To the surprise of absolutely nobody, President Trump is using low, race-baiting attacks to try and discredit Sen. Elizabeth Warren, one of the growing crowd of Democrats running to unseat Trump in next year’s elections.
The great surprise is that members of the media are passively doing Trump’s dirty work for him.
Warren, a brilliant legal scholar, has explained and acknowledged, in tedious detail, how she grew up hearing that her family lineage includes some Native American blood. On some faculty and bar association forms — after she was hired as a Harvard professor, and after being admitted to the Texas bar — she identified herself as Native American.
“My mother’s family was part Native American. And my daddy’s parents were bitterly opposed to their relationship,” Warren told the National Congress of American Indians last year. “So, in 1932, when Mother was 19 and Daddy had just turned 20, they eloped.”
Right-wing media became obsessed with the issue — not that they give a damn about Native Americans.
Last year, a radio show hack named Howie Carr pulled a prank by getting a pen cap that Warren may have briefly held with her teeth; Carr then made a big show of trying (unsuccessfully) to conduct a DNA test based on traces of saliva on the pen.
Warren eventually took a DNA test that confirmed she does, indeed, have a small amount of Native American genetic ancestry.
It’s literally the least important thing about Warren. I first interviewed her shortly after her 2003 book, “The Two-Income Trap,” which broke ground by analyzing a vast database of American bankruptcies.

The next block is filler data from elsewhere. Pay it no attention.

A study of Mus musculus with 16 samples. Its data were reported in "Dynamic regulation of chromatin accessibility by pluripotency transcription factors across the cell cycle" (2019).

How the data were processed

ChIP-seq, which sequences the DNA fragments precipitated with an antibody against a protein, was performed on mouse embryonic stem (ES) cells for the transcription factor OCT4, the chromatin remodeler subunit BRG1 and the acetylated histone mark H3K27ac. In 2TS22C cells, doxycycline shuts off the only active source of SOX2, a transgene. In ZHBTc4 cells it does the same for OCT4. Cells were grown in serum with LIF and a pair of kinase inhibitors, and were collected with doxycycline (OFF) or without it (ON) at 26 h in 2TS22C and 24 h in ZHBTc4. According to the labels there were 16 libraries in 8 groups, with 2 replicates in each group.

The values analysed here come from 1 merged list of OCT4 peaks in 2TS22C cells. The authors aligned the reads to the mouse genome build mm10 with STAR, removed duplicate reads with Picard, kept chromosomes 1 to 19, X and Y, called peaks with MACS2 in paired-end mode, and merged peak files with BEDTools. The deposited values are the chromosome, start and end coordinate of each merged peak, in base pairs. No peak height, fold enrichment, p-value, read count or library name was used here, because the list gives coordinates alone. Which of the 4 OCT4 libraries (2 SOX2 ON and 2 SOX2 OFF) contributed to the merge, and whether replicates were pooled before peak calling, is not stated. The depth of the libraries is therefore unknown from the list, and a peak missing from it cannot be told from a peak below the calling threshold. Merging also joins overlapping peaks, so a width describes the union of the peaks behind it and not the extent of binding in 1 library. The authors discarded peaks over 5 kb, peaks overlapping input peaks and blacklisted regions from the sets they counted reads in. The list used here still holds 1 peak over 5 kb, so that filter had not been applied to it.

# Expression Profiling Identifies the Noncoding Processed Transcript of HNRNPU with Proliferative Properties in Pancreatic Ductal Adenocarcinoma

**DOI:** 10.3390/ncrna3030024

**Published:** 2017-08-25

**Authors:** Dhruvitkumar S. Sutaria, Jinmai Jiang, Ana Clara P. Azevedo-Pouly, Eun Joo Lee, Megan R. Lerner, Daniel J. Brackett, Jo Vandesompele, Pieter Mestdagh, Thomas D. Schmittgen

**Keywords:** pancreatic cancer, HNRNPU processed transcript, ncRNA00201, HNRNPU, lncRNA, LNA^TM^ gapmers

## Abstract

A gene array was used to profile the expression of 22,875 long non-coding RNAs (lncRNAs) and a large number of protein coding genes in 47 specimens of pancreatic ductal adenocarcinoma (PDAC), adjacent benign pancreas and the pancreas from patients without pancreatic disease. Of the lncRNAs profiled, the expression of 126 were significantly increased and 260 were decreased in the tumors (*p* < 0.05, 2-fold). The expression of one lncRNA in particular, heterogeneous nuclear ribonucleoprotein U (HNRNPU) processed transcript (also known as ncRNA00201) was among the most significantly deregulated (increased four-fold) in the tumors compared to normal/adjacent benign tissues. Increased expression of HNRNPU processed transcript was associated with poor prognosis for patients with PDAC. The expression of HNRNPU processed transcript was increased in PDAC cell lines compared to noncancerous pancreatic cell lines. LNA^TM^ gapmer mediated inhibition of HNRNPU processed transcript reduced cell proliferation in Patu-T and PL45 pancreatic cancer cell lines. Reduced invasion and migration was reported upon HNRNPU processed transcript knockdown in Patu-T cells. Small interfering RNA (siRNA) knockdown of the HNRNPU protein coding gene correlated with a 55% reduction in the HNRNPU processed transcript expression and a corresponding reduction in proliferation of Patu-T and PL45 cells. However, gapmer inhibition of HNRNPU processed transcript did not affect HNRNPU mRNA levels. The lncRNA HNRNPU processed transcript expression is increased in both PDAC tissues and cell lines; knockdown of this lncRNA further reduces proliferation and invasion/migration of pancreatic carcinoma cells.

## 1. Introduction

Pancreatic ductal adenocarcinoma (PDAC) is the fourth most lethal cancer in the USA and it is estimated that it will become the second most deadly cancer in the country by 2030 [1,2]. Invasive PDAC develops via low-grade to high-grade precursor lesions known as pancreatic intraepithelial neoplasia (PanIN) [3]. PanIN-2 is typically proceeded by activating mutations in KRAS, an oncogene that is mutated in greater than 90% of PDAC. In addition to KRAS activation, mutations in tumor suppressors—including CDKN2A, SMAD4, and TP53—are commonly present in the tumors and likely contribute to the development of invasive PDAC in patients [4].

Warren’s research concluded — and sounded a national alarm — that the average American family is running on a financial treadmill, working hard but inevitably falling behind. Her warnings became real with the 2008 mortgage crash. Congressional Democrats responded by enacting Warren’s call for a federal watchdog agency, the Consumer Financial Protection Bureau.
She went on to make history in 2012 as the first woman ever elected a U.S. senator in Massachusetts by unseating incumbent Scott Brown.
All pretty impressive. But you’d never know it from the coverage of her just-announced candidacy for President.
Standing before a crowd of supporters Saturday, Warren returned to her roots as a scholar of bankruptcy and inequality.
“The man in the White House is not the cause of what’s broken, he’s just the latest — and most extreme — symptom of what’s gone wrong in America. A product of a rigged system that props up the rich and the powerful and kicks dirt on everyone else,” she said. “We can’t afford to just tinker around the edges — a tax credit here, a regulation there. Our fight is for big, structural change.”
She also diagnosed the grim, creeping inequality that is eroding the nation daily. “Since the early 1970s — adjusted for inflation — wages in America have barely budged. But the cost of housing has shot up nearly two-thirds. The cost of college has more than tripled. And 40% of Americans can’t find $400 to cover an emergency,” she said.
That vitally important message from a literal expert on the subject — and her plans to restructure the tax system and put tough restrictions on lobbyists — gets lost every time Trump snidely refers to Warren as “Pocahontas.” And media nitwits repeat the President’s racist jibes and solemnly ponder “whether she can put this controversy behind her.”
Eight years ago, Trump promoted the blatant falsehood of birtherism, claiming he’d found evidence that the first black President wasn’t born in America. He’s going back to the same poisoned well with Warren.
Political observers shouldn’t take the bait. The problems Warren has talked about for decades need to be part of a national discussion — one that Trump is desperate to avoid.